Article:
America's War Addiction


But the biggest American addiction of all is hardly mentioned -- the country's massive dependency on war. On that problem, the country is living in denial, at least for those among its political class.

While Trump is feuding with Republicans and Democrats over passing his budget for tax cuts and social spending, one item remains off-limits for debate. The Congress is whistling through a record miltary spend of $700 billion for next year. That's an increase of some $50 billion on last year's budget for the military, which itself was something of a record.

As the US-based National Priorities Project audits, American military spending consumes over half of the annual $1.1 trillion discretionary budget. That allocation represents about 10 times what the US federal government spends on either education or healthcare out of its annual discretionary budget.

Putting that $700 billion annual military expenditure into a global context, the US spends 10 times more than either Russia, Britain or France. Or, put another way, the US spends the same aggregate amount as the next nine top world military spenders combined, including China, Russia, Britain, France, Saudi Arabia and South Korea.

What's more, today the American military budget is at a record high compared with any other time during the Cold War. Think about that. Officially, the Cold War ended in 1991 with the dissolution of the Soviet Union. Yet, in a nominal period of peace, the US has escalated its war economy.

David Stockman, who worked as a senior economist in the Ronald Reagan administration during the 1980s, has compared the present military spend with previous peaks during the Cold War. In equalized dollar terms, he estimates that the current $700 billion figure is roughly double what the US was spending at the height of the Cold War during the Cuban missile crisis in 1962.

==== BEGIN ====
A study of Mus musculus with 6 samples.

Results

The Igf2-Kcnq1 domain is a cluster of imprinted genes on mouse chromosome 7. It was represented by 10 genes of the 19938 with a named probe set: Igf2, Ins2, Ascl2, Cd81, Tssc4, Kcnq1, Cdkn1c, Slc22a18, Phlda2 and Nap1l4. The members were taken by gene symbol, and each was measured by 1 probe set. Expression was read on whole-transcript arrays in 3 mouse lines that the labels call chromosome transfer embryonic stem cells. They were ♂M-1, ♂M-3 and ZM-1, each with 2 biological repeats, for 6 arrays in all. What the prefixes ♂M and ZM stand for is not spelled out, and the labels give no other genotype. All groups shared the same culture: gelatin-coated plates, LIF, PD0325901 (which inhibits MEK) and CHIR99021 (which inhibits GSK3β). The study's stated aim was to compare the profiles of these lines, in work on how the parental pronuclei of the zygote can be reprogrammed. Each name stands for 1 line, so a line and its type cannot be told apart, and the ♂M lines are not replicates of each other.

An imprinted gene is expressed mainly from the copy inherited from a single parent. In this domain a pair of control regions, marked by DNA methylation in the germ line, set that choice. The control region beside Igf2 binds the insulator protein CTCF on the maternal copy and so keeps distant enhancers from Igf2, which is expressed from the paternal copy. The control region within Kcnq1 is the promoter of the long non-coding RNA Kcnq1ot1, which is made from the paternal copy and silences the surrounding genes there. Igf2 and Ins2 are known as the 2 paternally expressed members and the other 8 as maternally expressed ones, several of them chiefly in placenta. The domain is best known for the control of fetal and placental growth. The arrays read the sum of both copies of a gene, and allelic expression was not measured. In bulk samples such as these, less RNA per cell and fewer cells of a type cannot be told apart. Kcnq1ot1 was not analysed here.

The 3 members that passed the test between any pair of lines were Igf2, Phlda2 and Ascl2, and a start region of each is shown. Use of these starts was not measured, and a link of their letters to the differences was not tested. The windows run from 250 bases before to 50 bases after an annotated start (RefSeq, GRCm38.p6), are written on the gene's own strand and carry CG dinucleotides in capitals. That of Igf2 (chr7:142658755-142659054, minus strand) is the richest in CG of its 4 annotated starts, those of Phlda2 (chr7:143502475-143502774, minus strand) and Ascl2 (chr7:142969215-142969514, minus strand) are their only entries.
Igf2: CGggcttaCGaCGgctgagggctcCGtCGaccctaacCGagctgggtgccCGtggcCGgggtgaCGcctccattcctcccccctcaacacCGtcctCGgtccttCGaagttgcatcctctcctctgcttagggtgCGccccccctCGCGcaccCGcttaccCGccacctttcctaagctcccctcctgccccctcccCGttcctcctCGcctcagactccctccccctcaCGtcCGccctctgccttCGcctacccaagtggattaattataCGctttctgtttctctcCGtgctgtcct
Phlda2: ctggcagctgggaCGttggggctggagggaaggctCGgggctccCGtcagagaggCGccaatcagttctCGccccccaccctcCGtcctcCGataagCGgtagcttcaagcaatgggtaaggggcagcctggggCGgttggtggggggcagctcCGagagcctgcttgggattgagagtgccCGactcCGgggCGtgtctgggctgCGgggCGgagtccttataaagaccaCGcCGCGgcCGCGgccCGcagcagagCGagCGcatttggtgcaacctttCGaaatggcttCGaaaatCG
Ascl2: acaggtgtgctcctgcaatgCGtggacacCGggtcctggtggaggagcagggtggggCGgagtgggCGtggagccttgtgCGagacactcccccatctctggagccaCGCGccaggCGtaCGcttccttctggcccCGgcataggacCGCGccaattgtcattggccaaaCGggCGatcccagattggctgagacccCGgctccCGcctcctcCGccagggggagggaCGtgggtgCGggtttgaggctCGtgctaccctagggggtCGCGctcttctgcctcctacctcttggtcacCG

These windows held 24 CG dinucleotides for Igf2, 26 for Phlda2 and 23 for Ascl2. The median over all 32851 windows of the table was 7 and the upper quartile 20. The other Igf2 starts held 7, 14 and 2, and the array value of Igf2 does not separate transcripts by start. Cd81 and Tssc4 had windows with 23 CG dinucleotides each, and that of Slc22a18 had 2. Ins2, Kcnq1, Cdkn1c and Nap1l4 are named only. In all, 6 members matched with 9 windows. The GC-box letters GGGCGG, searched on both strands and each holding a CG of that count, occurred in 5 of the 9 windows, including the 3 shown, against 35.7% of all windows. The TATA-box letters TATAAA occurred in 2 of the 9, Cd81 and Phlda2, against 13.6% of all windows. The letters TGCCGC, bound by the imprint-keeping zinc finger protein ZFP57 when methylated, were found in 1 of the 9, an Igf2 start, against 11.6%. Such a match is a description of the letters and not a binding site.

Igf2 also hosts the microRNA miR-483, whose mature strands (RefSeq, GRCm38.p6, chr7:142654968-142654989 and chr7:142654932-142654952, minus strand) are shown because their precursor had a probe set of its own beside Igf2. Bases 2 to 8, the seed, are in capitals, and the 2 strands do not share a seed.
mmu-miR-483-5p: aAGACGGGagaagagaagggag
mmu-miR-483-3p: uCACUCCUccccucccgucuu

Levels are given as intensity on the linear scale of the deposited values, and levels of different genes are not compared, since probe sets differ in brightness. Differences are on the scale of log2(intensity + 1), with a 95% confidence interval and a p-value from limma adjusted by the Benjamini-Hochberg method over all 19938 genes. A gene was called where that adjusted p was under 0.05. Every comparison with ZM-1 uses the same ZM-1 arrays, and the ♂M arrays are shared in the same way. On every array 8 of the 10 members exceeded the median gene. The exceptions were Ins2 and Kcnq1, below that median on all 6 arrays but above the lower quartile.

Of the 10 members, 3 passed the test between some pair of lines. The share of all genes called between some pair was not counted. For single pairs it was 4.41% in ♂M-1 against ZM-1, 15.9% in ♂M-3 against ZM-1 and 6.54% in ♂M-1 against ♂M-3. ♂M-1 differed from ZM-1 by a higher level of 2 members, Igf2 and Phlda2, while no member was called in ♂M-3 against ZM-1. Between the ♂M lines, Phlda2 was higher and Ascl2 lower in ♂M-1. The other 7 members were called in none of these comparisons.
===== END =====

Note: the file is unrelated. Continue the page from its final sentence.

Another data point, in 1968 when the Vietnam War was raging, the annual American military spend was $400 billion, according to Stockman.

Even during the 1980s, when President Reagan launched an unprecedented arms race against the Soviet Union -- the US military budget reached a peak of $550 billion a year. That is, $150 billion less than what the Trump administration and Congress are proposing. A quarter-century after the Cold War supposedly ended.

Stockman, with some understatement, calls this allocation of US tax dollars "hideously oversized." He describes America as a "warfare state" and he predicts that the misallocation of resources is leading eventually to the nation's economic collapse. The "bleeding of fiscal solvency" is piling on ever-more national debt -- estimated already at $20 trillion.

There are many reasons why this insatiable consumption of national resources for the military should be deplored.

One good reason is the appalling neglect of social needs for millions of Americans. Trump is pushing through a $1.5-trillion tax cut plan -- which the Tax Policy Center calculates will largely benefit the super wealthy and corporations. That giveaway for the richest top 10 percent of the population will be paid for by brutal cuts in public spending on healthcare, social welfare, education, housing, and medical and scientific research.